Phil Hellmuth Defeats Antonio Esfandiari in Round One of PokerGo Heads-Up Duel

4 min read

Phil Hellmuth pulled off some key bluffs and won a crucial race to defeat Antonio Esfandiari in the first round of PokerGo’s new heads-up show, “High Stakes Duel.” But the losing player has already called for a rematch.

Phil Hellmuth Antonio Esfandiari
Phil Hellmuth showed he can still compete with the best. (Image: PokerGo)

The prerecorded, long-awaited match initially was scheduled to air on PokerGo Thursday evening. Technical issues forced Poker Central to postpone it until noon PT on Friday, and moved the show to its YouTube channel.

Many poker fans on social media, and PokerGo customers, expressed dissatisfaction with the poker app. They voiced their displeasure on Twitter.

Both players put up $50,000 for the initial match. Per the rules of “High Stakes Duel,” the loser has the option to challenge the winner to a rematch, increasing the prize pool from $100,000 to $200,000. So, although Hellmuth won the first game, he’ll need to win again to advance to the second round where another player, who hasn’t yet been named, will be waiting in the wings.

Hellmuth Gets Key Bluffs Through

The competitors began with 300,000 chips and the blinds started at 500-1,000, increasing every 20 minutes. Early on, Hellmuth seemed to hit every other flop, which frustrated the card dead Esfandiari. Even so, Hellmuth couldn’t seem to pull away. Instead, Esfandiari let him take down a number of small pots before taking over the match.

Two hours into play and “The Magician” had nearly a 3-1 chip advantage. He took full advantage of Hellmuth’s mistakes, punishing the “Poker Brat” repeatedly for calling down light. And with 7-5 on a K-Q-J-9 board, he bluffed Hellmuth off A-K to win a big pot.

The 15-time bracelet winner was his usual self during the match. When things weren’t going his way, he complained about how lucky Esfandiari was getting. Then, his luck and aggression turned around, and so did his attitude.

On a 10-4-K-9-K board, Hellmuth checked to his opponent who held K-2 for trips. Esfandiari fired a bet of 19,000 to which the “Poker Brat” check-raised to 71,000.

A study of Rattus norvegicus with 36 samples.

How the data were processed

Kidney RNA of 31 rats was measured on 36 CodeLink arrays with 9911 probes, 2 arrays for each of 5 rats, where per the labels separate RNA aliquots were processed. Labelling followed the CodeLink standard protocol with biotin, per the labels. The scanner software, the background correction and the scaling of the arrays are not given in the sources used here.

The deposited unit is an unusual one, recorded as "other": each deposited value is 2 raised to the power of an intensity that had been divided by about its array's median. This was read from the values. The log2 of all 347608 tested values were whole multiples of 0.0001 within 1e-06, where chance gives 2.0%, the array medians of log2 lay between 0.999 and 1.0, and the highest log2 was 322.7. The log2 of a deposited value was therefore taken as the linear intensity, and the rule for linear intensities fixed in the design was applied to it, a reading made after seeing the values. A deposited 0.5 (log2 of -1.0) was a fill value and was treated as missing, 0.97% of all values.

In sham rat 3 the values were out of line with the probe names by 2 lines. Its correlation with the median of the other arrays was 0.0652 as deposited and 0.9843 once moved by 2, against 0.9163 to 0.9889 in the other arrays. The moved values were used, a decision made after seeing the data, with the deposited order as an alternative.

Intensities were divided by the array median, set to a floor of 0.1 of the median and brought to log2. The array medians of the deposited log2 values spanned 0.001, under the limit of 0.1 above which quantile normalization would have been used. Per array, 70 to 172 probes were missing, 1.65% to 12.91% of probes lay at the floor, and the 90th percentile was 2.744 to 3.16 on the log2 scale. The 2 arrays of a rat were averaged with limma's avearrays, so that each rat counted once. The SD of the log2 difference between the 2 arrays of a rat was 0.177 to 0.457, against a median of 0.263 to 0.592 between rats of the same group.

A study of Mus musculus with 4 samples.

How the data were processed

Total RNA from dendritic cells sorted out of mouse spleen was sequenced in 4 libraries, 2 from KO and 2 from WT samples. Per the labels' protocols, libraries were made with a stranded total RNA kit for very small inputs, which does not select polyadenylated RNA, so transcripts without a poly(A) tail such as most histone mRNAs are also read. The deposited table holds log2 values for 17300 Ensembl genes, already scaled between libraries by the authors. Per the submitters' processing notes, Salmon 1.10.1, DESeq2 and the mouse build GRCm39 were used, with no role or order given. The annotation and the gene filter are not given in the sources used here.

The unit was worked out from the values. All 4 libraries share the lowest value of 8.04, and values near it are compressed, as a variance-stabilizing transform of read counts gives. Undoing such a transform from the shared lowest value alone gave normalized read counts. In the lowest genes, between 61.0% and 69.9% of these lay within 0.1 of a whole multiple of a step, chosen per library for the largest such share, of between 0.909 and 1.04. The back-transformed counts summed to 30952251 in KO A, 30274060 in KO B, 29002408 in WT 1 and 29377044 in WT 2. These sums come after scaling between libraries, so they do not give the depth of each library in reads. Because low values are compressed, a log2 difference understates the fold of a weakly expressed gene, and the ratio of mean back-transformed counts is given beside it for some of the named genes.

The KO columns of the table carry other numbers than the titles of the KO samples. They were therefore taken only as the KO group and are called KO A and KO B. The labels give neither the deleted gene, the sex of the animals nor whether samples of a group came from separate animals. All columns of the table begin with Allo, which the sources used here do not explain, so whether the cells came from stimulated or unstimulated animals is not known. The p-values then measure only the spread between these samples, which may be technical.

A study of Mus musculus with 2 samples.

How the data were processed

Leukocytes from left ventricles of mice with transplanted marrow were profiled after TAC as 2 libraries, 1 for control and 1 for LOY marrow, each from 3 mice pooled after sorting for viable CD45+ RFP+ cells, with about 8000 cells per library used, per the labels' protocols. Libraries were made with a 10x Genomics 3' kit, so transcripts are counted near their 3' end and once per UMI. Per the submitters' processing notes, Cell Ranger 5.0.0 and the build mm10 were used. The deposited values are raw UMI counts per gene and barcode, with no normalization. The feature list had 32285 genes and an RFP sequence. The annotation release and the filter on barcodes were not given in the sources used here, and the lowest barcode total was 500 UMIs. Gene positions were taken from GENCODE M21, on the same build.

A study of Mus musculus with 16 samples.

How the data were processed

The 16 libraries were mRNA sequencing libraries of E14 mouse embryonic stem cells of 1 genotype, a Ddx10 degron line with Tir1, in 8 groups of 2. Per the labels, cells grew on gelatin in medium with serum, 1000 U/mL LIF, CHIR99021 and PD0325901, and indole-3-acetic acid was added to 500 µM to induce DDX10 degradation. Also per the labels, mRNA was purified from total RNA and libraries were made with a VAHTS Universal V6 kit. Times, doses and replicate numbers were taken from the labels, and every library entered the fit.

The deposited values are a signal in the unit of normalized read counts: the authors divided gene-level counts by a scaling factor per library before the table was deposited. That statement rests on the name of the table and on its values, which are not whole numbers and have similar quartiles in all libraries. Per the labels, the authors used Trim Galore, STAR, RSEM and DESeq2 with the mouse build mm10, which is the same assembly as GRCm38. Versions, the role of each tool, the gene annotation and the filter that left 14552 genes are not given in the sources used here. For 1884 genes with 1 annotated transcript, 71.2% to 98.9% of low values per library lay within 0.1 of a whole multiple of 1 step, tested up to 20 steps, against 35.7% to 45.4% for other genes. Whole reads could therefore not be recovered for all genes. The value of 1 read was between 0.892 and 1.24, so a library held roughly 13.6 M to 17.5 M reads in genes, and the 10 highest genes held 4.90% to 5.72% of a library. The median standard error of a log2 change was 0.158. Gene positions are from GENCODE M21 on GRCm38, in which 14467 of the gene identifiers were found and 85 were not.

Hellmuth had shown no aggression up to that point in the hand, so his bet was a bit fishy and polarizing. If Esfandiari called and was right, Hellmuth would have been left with crumbs. But he got the bluff through and then began taking over the match.

Shortly after, Hellmuth picked up a lucky river card to win a huge pot, which put him back in the lead. On a board of 6-6-2-6, Phil fired away a 50,000 bluff bet with 7-5 and was called by J-2. A 5 landed on the river and the 1989 world champion sized down to 32,000. Esfandiari begrudgingly made the call to find out the bad news.

“You have no idea how lucky you’ve been this match,” Esfandiari angrily informed his opponent.

But Hellmuth also pulled off some great bluffs, including one with 7-high. On a flop of J-Q-8 with two spades, Esfandiari bet 19,000 with A-K of spades. Hellmuth came along for the ride with 7-6 of spades.

Both players chasing a flush draw — Esfandiari also after a straight — saw an off-suit 4 on the turn. Esfandiari put out another bet, 30,000 this time and his opponent continued in the hand. When the off-suit J flipped over on the river, Hellmuth knew he either had to bluff or lose the pot. So, he fired out 45,000 and Esfandiari couldn’t find a call with the best hand.

The frustration continued for Esfandiari on the final hand. Hellmuth opened with pocket 7s and “The Magician” shipped it all in for 245,000. Both players saw the board run out 8-A-4-5-2, ending the match.

“Good match, I know you’re re-challenging me,” Phil Hellmuth said.

“Yeah, officially,” Esfandiari replied.

So, we’ll have a rematch, although the date has yet to be determined.